Selenium Among Leading Nutritional Supplements
Visit any vitamin section in the local grocery store or pharmacy and you’ll see a wide variety of nutritional supplements and herbal products designed to help people look better, feel healthier, and have more energy. Selenium is likely to be on the shelves. In fact, this mineral ranks as the 10th most popular supplement in the United States, behind vitamin E, ginkgo, chondroitin/glucosamine, calcium with vitamin D, kava, garlic, St. John’s wort, and 5HTP, according to a recent consumer survey conducted by NBTY Inc.
In addition to its reputation as a potential cancer preventative, selenium is reported to protect against heart disease, arthritis, and accelerated aging. It may also relieve depression. Articles about these and other benefits of selenium, which takes its name from the Greek word Selênê (moon) for its pasty white color, have been appearing in the popular press recently.
An article in the December 1998 issue of Natural Health points out selenium’s essential nature. Since the human body does not produce selenium, it must be obtained through diet. The best sources are tuna, king crab, halibut, soybeans, cereal grains, and Brazil nuts. (See Table 1.) According to Natural Health, experts recommend taking 50-200 mcg of organic forms of the mineral.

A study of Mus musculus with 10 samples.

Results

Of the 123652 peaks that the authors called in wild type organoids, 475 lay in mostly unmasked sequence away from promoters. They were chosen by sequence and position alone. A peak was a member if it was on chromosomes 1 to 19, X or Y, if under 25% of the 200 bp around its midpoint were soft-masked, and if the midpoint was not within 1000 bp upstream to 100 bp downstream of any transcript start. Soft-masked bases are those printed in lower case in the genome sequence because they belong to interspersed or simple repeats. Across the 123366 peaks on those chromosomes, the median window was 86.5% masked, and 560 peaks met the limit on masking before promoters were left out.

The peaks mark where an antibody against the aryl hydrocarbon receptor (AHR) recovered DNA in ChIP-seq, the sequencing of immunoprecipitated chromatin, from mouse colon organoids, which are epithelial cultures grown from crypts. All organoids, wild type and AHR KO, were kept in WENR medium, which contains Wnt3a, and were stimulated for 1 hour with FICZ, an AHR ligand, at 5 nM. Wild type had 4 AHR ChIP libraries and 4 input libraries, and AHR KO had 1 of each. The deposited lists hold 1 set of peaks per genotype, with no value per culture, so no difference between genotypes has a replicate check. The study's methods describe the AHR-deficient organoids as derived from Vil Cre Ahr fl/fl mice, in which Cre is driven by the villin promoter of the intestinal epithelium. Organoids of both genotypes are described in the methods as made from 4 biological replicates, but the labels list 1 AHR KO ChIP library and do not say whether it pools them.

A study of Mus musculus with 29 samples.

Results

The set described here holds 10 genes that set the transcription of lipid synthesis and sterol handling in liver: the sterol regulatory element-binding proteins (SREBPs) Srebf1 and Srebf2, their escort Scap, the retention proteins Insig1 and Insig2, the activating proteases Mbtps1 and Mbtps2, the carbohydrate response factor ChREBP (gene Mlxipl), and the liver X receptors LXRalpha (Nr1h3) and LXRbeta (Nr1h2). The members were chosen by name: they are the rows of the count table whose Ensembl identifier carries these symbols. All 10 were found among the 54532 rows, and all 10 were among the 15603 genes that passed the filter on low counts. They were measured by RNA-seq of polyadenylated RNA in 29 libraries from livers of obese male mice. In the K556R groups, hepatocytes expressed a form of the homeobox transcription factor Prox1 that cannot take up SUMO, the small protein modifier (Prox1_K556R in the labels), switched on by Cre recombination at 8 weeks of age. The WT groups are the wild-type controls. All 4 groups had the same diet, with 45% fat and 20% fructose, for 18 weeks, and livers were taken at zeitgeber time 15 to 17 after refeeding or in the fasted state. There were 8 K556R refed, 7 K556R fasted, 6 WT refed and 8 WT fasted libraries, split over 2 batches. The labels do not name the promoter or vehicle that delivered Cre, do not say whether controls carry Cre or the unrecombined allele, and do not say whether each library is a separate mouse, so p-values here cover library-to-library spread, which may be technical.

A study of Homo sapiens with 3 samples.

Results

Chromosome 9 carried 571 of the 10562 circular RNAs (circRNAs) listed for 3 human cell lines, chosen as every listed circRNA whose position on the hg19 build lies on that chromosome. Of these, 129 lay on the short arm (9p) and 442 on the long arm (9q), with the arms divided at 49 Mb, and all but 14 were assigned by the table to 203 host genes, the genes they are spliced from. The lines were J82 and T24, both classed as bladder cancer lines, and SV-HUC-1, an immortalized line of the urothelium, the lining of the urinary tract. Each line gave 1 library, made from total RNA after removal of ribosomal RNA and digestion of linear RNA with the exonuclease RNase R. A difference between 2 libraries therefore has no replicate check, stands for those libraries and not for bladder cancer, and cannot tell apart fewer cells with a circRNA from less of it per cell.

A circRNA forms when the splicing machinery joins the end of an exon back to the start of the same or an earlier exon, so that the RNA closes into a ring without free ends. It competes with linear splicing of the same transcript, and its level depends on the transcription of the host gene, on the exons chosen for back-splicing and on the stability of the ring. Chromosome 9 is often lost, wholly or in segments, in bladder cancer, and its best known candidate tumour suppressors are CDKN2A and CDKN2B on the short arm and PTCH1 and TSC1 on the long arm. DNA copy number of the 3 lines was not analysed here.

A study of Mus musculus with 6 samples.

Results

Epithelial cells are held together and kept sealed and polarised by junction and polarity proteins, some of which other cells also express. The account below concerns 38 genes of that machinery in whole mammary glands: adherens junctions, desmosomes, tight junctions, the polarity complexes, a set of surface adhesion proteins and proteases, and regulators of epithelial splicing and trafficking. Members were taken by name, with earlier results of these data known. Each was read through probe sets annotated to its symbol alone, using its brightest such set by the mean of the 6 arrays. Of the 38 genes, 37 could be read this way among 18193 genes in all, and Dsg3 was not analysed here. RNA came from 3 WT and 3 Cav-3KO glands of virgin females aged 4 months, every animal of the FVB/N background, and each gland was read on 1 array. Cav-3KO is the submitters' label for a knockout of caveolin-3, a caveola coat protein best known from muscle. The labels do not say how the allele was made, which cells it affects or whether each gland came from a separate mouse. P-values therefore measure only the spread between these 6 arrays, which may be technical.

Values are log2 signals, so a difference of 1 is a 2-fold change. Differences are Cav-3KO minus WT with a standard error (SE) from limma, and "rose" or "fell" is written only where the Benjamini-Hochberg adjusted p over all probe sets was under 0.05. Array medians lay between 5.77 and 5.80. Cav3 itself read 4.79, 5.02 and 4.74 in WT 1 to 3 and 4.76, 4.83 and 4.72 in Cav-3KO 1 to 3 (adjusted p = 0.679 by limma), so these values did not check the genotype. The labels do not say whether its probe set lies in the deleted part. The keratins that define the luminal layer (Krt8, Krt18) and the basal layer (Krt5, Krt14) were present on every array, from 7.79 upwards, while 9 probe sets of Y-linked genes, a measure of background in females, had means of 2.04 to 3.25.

Both the July-August and October 1998 issues of Health contained articles about selenium offering hope for preventing prostate, lung, and colon cancers. Geographic surveys indicate that people living in regions where the soil is rich in selenium have fewer cancers that people living elsewhere. The magazine suggests that readers speak to their doctors about whether family history or lifestyle habits put them at risk for cancer and whether selenium supplementation is warranted.
Prevention’s April 1998 Consumer’s Guide to Supplements says that although selenium shows great promise in fighting cancer, people with abnormal kidney function should talk to their physician before supplementing with minerals.
In his book Eight Weeks to Optimum Health, Andrew Weil recommends taking selenium with vitamin E since they enhance each other’s absorption. However, Weil does not recommend taking vitamin C at the same time since some forms of vitamin C and selenium interfere with each other’s absorption.